Despite what most people may believe, English is not the official language of the United States. Today there is no law or legislation that establishes an official language within the democratic country. For this reason, each state can decide on its own, as is the case, for example, of Hawaii, the last of the states to be incorporated into the territory, and which has made English and Hawaiian as official languages. Here are some key points as to why this is happening in the United States.
The Main Reason
To understand the reason why the United States does not have an official language, we must refer to the origins of the country. The founding fathers, when signing the declaration of independence, firmly believed in the individual rights and freedoms of each one of the individuals and considered that the State should never impose a language on its citizens, instead each one would be free to choose their own. Over time, it is true that English became the official language since it was the most widely spoken in the thirteen colonies from which the United States emerged.
The discussion about whether or not English should be the official language was strongly revived during the last presidency of Donald Trump. Before winning the elections, Trump used a nationalist discourse throughout his campaign, and after reaching the presidency, some of the social and political measures taken by the new president caused controversy. For example, when the White House website eliminated its version in Spanish, this put the debate back on the table and drawing accusations of discrimination and anti-immigration from Trump’s opponents.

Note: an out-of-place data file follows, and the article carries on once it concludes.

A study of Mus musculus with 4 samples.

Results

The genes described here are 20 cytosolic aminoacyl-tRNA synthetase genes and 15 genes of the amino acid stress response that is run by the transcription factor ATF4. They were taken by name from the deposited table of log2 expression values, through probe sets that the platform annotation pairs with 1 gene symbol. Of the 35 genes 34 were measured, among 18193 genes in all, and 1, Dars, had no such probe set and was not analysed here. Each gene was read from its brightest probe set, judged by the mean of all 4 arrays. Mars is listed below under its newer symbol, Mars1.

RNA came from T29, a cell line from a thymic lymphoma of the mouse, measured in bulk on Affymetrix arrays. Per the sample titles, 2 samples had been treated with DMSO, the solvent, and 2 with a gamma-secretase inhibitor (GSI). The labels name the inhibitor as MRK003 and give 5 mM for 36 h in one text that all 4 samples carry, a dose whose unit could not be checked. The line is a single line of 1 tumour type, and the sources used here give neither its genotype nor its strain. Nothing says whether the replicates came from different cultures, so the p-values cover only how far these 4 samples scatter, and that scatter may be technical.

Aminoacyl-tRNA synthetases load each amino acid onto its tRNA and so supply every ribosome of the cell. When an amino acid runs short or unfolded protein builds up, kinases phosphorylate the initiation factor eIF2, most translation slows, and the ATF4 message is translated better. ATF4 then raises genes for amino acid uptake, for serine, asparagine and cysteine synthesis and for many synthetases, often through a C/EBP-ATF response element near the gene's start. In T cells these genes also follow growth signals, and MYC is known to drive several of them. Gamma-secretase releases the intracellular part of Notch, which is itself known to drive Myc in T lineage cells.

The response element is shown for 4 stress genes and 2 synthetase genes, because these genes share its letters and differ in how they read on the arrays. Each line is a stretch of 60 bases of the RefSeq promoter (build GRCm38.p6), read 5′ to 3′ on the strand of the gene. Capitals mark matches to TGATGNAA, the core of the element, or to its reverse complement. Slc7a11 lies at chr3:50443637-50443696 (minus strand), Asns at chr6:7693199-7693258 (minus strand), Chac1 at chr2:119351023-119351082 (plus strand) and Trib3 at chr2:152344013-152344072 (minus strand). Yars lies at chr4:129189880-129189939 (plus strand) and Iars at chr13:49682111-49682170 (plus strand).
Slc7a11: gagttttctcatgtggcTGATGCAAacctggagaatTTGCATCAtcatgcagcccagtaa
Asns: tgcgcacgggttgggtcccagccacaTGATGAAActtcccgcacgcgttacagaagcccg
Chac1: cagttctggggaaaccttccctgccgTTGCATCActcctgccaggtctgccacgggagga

The debate is always latent in society and reappears every certain interval of time. Movements such as English-only, for example, do not see sufficient reason not to declare English as the official language, since it is by far the most widespread spoken language throughout the territory. Those who oppose it argue that this decision would not respect the rights of the thousands of people who do not speak that language and who have been a structural part of the development and formation of the country. No legislative initiative to declare English the official language has gotten enough support to date.
The United States has been from its beginnings and to date a multilingual territory. From the native inhabitants to the colonies that were formed later, today the country has a large number of languages spoken in addition to English, such as Spanish, French, German or even Swedish. The reality is that going from the existence of numerous organizations such as US English founded in the 1990s or the English Only movement that was born in the 1980s, which seek to legitimize English as an official language, all attempts to date have failed.
When it comes to numbers, English is clearly the winner, with 215 million speakers within the territory. Then it is followed by the Spanish with 45 million and the third place is taken by the Chinese with 2 million people who use it. In turn, the dependent territories of the United States such as Puerto Rico, American Samoa, the Northern Mariana Islands and Guam are also not required to have English as their official language. Currently, and given the freedom of expression that the country professes, each state has decided for itself its official language, reaching a total of 32 states that have chosen the English language.